Recent wildfires, floods and other natural disasters remind us that everyone has to take action to move the needle on climate change — from scientists and researchers to governments at all levels and businesses of all sizes.
Google Earth Engine combines satellite imagery and geospatial data with powerful computing to help people and organizations understand how the planet is changing, how human activity contributes to those changes and what actions they can take. Over the past decade, academics, scientists and NGOs have used Earth Engine and its earth observation data to make meaningful progress on climate research, natural resources protection, carbon emissions reduction and other sustainability goals. It has made it possible for organizations to monitor global forest loss in near real-time and has helped over 160 countries map and protect freshwater ecosystems.
Today, we’re expanding Earth Engine with a commercial offering for select customers in preview as a part of its integration with Google Cloud Platform. Organizations in the public sector and businesses can now use insights from Earth Engine to solve sustainability-related problems, such as building sustainable supply chains, committing to deforestation-free lending, preparing for recovery from weather-related events and reducing operational water use. To learn more about how Earth Engine can help your organization meet its sustainability goals, fill out this form.
Surface water change visualization enabled by Earth Engine (shown here: Aral Sea from 1984-2020).
This new offering puts over 50 petabytes of geospatial open data into the hands of business and government leaders. Google Cloud customers and partners can bring together earth observation data with their own data as well as other useful datasets, train models to analyze at scale, and derive meaningful insights about real-world impact. By combining Earth Engine’s powerful platform with Google Cloud’s distinctive data analytics tools and AI technology, we’re bringing the best of Google together.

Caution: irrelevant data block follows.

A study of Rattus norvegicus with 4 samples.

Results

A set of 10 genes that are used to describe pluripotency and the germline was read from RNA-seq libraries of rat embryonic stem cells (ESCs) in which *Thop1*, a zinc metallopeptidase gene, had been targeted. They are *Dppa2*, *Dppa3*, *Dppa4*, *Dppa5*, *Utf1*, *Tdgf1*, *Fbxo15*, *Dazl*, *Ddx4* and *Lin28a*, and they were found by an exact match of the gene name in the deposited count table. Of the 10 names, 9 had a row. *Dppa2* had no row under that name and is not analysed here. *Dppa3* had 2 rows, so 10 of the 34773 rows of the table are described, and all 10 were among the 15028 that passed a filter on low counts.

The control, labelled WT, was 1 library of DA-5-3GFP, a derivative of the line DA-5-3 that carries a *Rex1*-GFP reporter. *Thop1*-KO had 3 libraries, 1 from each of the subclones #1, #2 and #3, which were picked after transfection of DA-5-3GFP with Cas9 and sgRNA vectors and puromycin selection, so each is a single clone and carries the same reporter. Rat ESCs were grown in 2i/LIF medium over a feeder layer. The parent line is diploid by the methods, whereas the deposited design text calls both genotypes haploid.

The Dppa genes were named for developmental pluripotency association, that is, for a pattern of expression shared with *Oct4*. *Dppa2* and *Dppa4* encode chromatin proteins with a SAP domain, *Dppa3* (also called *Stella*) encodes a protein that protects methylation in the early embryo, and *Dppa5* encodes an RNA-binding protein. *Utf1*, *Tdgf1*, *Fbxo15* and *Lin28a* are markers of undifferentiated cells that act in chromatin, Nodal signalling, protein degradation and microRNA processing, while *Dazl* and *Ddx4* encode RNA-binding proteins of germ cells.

Already, businesses and organizations across the public sector, agriculture, financial services and consumer goods industries are using insights from this data to improve their operations, better manage and mitigate their risks while also preserving natural resources. For example, consumer goods company Unilever plans to achieve a deforestation-free supply chain for palm oil and other commodities by 2023. With insights from Google Earth Engine and its internal supply chain sourcing information, they can model the source of palm oil to their mills. The U.S. Department of Agriculture is also using Earth Engine to eliminate the overhead of managing vast amounts of geospatial data. This will enable their agency, the National Agricultural Statistics Service, to focus on the analyses of 315 million acres of croplands across the United States. We look forward to seeing more impactful use cases and quantifiable progress towards sustainability goals that Earth Engine will continue to power across organizations.
The time for businesses to act on climate is now, but the advanced analytics resources and sustainability knowledge needed to make change can be hard to access. To make sure businesses can make the most out of Google Earth Engine, we’re working with partners, like NGIS and Climate Engine, to help businesses identify and manage risks related to climate change.
It will take all of us working together to make a difference. Earth Engine will continue to be free for scientists, researchers and NGOs, just as it has always been. We hope that putting Google Earth Engine into the hands of more businesses, organizations and people will multiply the positive impact we can have together on our people and planet.